A NUMBER of borough residents have been named in the New Year Honours list for 2021, recognising their work for charity and the country.
Across the Commonwealth, 1,239 people have been awarded an honour, and the Government says that nearly two-thirds of recipients have undertaken outstanding work in their communities either in a voluntary or paid capacity.
They added that this is the most ethnically diverse honours list, with 14.2% of recipients from a black, Asian or minority ethnic background. The list also includes public sector workers including firefighters, NHS staff, teachers and police officers.
They include Constable Philip Hanham, an executive support officer from Thames Valley Police, who receives the Queen’s Police Medal, and Trevor Ferguson, the chief fire officer from the Royal Berkshire Fire and Rescue Service.
PC Hanham works with the force’s Serious Collision Investigation Unit, and his honour is in recognition of his service to the force, including his work as a family liaison officer.
He established the Road Death Memorial Service within the Thames Valley in order to offer further support to numerous bereaved families since its inception.
Chief Constable John Campbell, said: “I am delighted to see PC Hanham recognised for his outstanding work for Thames Valley Police. Through his tireless work and dedication to his job, he has impacted so many people’s lives for the better.
“His work as a family liaison officer has been significant, and he has played a key role in supporting the families of Thames Valley Police officers who have tragically been killed on duty, including PC Andrew Harper, PC James Dixon, PC Daniel Clayton-Drabble and PC Kevin Flint.
PC Hanham said: “It is a huge honour to be awarded the Queen’s Police Medal.
“I am proud to accept the award today to recognise my achievements but mention must go to my family, and in particular my wife Caroline who have been the source of wonderful support during my career.”
Chief Fire Officer Trevor Ferguson has been awarded the Queen’s Fire Service Medal for Distinguished Service (QFSM) for services to the fire and rescue sector.
He said: “It is a privilege to accept the Queen’s Fire Service Medal in recognition of the diligent work of the team at Royal Berkshire Fire Authority (RBFA) and Royal Berkshire Fire and Rescue Service.
“Since I joined the Service in 2014, the team have been working tirelessly to ensure that we provide the high-quality, trusted public service the residents of Berkshire deserve. In accepting the QFSM, I do so on behalf of all the amazing public servants at RBFA and RBFRS.”
Two youth group leaders have been awarded MBEs.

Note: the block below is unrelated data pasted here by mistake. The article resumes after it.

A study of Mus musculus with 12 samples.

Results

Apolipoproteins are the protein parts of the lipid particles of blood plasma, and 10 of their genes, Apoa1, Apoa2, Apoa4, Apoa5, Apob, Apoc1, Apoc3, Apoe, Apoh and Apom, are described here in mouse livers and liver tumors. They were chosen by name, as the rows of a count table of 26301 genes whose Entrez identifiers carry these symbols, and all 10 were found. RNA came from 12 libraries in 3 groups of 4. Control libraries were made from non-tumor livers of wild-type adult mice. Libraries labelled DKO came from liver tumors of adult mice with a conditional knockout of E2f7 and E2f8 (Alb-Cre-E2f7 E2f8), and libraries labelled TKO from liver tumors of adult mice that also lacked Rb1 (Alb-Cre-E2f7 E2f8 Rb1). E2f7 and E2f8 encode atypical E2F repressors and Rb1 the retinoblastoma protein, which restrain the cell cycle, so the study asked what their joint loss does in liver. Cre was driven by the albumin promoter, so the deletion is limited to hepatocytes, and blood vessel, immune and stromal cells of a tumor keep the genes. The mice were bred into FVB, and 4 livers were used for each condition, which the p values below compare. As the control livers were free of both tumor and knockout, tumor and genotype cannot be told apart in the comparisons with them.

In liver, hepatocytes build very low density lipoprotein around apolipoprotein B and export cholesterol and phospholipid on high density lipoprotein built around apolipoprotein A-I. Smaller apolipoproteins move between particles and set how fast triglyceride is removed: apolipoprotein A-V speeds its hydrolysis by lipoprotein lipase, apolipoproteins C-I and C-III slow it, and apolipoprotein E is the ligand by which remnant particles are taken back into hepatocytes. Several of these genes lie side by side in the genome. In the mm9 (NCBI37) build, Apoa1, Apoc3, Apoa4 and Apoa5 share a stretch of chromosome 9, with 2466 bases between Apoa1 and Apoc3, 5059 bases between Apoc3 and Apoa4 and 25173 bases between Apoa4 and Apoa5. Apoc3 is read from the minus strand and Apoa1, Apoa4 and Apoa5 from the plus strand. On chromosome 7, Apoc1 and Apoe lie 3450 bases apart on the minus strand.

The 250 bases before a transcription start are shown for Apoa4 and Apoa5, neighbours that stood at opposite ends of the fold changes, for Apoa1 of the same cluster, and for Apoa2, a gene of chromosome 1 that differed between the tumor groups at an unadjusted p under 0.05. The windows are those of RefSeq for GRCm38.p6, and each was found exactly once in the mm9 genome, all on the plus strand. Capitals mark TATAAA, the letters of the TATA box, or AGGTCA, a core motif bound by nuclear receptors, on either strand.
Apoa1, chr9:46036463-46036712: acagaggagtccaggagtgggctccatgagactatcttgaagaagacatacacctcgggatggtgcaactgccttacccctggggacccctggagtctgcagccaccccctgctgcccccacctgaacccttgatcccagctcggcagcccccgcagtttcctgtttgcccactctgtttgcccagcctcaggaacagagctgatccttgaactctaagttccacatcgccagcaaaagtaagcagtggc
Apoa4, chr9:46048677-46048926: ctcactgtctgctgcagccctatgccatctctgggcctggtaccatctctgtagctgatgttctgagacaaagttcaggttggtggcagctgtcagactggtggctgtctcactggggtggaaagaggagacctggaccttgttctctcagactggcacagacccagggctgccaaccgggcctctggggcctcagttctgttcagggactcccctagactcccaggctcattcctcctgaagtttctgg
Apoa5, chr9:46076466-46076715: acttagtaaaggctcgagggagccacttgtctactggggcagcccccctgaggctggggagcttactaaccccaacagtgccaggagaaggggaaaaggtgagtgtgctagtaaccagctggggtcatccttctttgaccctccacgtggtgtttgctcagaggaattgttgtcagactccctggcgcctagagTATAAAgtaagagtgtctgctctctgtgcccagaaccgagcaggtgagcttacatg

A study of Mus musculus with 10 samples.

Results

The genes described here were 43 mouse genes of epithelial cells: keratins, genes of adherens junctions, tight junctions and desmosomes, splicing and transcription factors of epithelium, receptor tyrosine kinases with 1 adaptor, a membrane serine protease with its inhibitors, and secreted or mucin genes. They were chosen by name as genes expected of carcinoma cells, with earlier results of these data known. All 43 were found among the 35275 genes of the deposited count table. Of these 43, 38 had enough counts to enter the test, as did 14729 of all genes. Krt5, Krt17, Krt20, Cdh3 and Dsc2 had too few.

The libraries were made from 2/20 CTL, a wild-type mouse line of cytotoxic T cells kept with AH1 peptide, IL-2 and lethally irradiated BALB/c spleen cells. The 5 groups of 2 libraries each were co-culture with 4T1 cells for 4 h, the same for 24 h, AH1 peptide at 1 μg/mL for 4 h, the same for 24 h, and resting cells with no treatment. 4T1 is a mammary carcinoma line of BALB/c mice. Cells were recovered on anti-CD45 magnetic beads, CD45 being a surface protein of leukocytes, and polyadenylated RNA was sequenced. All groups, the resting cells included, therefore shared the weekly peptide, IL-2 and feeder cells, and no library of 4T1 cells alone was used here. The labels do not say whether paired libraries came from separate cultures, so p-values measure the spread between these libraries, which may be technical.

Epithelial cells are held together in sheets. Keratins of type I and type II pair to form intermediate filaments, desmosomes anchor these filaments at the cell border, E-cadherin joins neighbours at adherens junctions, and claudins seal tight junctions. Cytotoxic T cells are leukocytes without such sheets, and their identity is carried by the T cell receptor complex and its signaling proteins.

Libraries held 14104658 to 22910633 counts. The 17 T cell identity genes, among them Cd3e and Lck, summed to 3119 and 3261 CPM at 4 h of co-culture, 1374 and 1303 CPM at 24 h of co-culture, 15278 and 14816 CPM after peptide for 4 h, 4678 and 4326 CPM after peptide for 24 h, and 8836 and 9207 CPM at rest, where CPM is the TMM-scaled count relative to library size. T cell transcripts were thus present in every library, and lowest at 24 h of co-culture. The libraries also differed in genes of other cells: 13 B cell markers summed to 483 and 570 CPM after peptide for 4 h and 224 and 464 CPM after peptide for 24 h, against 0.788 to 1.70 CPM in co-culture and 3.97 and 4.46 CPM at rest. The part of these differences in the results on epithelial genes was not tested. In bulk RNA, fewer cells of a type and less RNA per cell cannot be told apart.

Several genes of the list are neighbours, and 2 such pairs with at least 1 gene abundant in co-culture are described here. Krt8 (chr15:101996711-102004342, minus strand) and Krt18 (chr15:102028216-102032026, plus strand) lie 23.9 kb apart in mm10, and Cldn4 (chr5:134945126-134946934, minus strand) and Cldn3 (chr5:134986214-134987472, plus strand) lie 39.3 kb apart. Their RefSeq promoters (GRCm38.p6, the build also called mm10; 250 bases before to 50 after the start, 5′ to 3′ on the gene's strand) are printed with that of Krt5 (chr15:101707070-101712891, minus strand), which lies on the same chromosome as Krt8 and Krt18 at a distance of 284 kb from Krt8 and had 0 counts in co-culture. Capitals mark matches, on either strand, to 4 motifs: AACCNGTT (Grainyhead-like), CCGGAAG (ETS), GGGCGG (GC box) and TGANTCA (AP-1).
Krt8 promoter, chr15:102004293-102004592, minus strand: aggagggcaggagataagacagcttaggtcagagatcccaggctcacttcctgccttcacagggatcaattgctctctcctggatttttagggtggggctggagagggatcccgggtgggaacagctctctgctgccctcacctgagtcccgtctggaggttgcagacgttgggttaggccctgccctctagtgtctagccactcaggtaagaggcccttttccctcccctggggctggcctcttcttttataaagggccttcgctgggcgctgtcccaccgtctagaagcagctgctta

Norman Boxall, who has been involved with the Scouting movement as well as Boys’ Brigade, has been recognised for his voluntary service to young people. The 83-year-old has been a Scout since he was eight, and helps lead a troop in Lower Earley.
And one of the leaders of the 1st Wargrave Girlguiding unit has also been recognised for her work with the movement.
Tamsin Phipps, from Wargrave, was also given the MBE for her water works: she has chaired the Kennet & Avon Waterways Partnership since February 2013, and helped promote canoeing within the Canal & River Trust.
It’s not the only accolade she has received: in March last year, she received the Sue Ryder Woman of Outstanding Achievement Award.
Wokingham-based George Royle, a head of delivery for HMRC, has been awarded an MBE for his public service.
Nichola Hay, from Yateley, is the chief operating director of Estio Training and has been awarded an MBE for his services to apprenticeships and charity.
Richard Thomas, from Finchampstead, received an MBE for his services to Healthcare and to the community in South Oxfordshire and Berkshire.
Patricia Jane Pease, who is associate Chief Nurse for Safeguarding, Mental Health and Learning Disabilities at the Royal Berkshire Healthcare Trust, received an MBE for services to Nursing, Children, Young People and Safeguarding particularly during the Covid-19 Response.
And there is an MBE for Jim Trott, the founder and executive director of Wokingham-based charity Brass For Africa, which works in three countries bring lessons and instruments to more than 1,000 children and young people.
Earlier this year, the charity received £1,000 from specialist insurer Ecclesiastical, as part of its Movement for Good awards.
Prime Minister Boris Johnson said: “In a year when so many have made sacrifices to protect our NHS and save people’s lives, the outstanding efforts of those receiving honours today are a welcome reminder of the strength of human spirit, and of what can be achieved through courage and compassion.
“The 2021 New Year Honours offer us an opportunity to salute their dedication and recognise many who have gone above and beyond in their contribution to our country.”